Recently, The Chronicle of Higher Education reported on an Oklahoma degree mill that helped athletes maintain the grade eligibility requirements.

Via Instapundit: With more online programs being offered in response to more cost-effective education, Kevin Carey, who directs the education policy program at the New America Foundation, offers an innovative solution to problems that include grade inflation and puff coursework.

Much attention has been paid to for-profit colleges that offer degrees online while exploiting federal student-loan programs and saddling ill-prepared students with debt. But nearly all of the institutions caught up in the 10-day credit dodge exposed by The Chronicle were public, nonprofit institutions. And both the credit-givers, like Western Oklahoma, and the sports machines at the other end of the transaction, like Florida State University, were doing nothing illegal.

A main reason the scandal persists is that our system is built around the strange idea of the “credit hour,” a unit of academic time that does little to measure student learning. The credit hour originated around the turn of the 20th century, when the industrialist-turned-philanthropist Andrew Carnegie moved to create a pension system for college professors. (It’s now known as TIAA-CREF.) Pensions were reserved for professors who worked full time, which ended up being defined as a minimum of 12 hours of classroom teaching per week in a standard 15-week semester.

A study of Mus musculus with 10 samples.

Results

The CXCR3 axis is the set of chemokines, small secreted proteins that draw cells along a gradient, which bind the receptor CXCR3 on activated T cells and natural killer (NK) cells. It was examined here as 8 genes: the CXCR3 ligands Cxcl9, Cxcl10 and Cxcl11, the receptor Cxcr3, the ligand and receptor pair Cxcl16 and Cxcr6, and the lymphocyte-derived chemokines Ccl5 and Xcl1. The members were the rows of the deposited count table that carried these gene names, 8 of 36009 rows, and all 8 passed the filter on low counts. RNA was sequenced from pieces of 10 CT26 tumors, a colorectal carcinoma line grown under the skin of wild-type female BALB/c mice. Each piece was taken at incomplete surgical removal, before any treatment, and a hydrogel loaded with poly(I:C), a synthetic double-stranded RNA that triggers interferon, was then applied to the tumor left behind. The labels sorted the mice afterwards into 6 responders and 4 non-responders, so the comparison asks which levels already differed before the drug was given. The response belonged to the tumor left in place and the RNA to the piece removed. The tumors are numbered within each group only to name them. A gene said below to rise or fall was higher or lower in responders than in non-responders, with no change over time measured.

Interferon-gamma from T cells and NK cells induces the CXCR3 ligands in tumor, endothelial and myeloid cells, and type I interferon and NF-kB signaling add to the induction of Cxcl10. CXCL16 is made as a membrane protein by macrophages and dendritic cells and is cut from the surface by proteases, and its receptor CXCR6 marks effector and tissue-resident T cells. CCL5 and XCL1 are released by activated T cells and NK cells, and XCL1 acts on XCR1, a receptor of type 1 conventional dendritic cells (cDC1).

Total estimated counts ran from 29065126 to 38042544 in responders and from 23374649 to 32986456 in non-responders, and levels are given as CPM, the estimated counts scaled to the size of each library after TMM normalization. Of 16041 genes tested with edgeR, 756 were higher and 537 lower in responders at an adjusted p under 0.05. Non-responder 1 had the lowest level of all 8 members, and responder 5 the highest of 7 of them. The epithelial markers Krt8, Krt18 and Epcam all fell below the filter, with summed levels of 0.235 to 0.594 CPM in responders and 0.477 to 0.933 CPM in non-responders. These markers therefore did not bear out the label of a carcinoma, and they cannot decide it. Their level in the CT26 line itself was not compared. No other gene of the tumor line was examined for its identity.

Carey offers the following observations and recommendations:

The rapid migration of higher education online exacerbates these problems. The notion of recording academic progress by counting the number of hours students spend sitting in a classroom is nonsensical when there is no actual classroom. Perhaps students themselves will decide what constitutes quality, as they choose among the so-called “massive online open courses” being offered free by brand-name universities including Harvard, M.I.T. and Stanford. I suspect those courses that will be most valued will be those where students actually learn.

But the most promising solution would be to replace the anachronistic credit hour with common standards for what college students actually need to know and to be able to do. There are many routes to doing this. In the arts and sciences, scholarly associations could define and update what it means to be proficient in a field. So could professional organizations and employers in vocational and technical fields.

Ending the antiquated credit hour would not only avert abuses involving college sports, but also prevent students of all kinds from taking the path of least resistance toward degrees that may be ultimately worthless.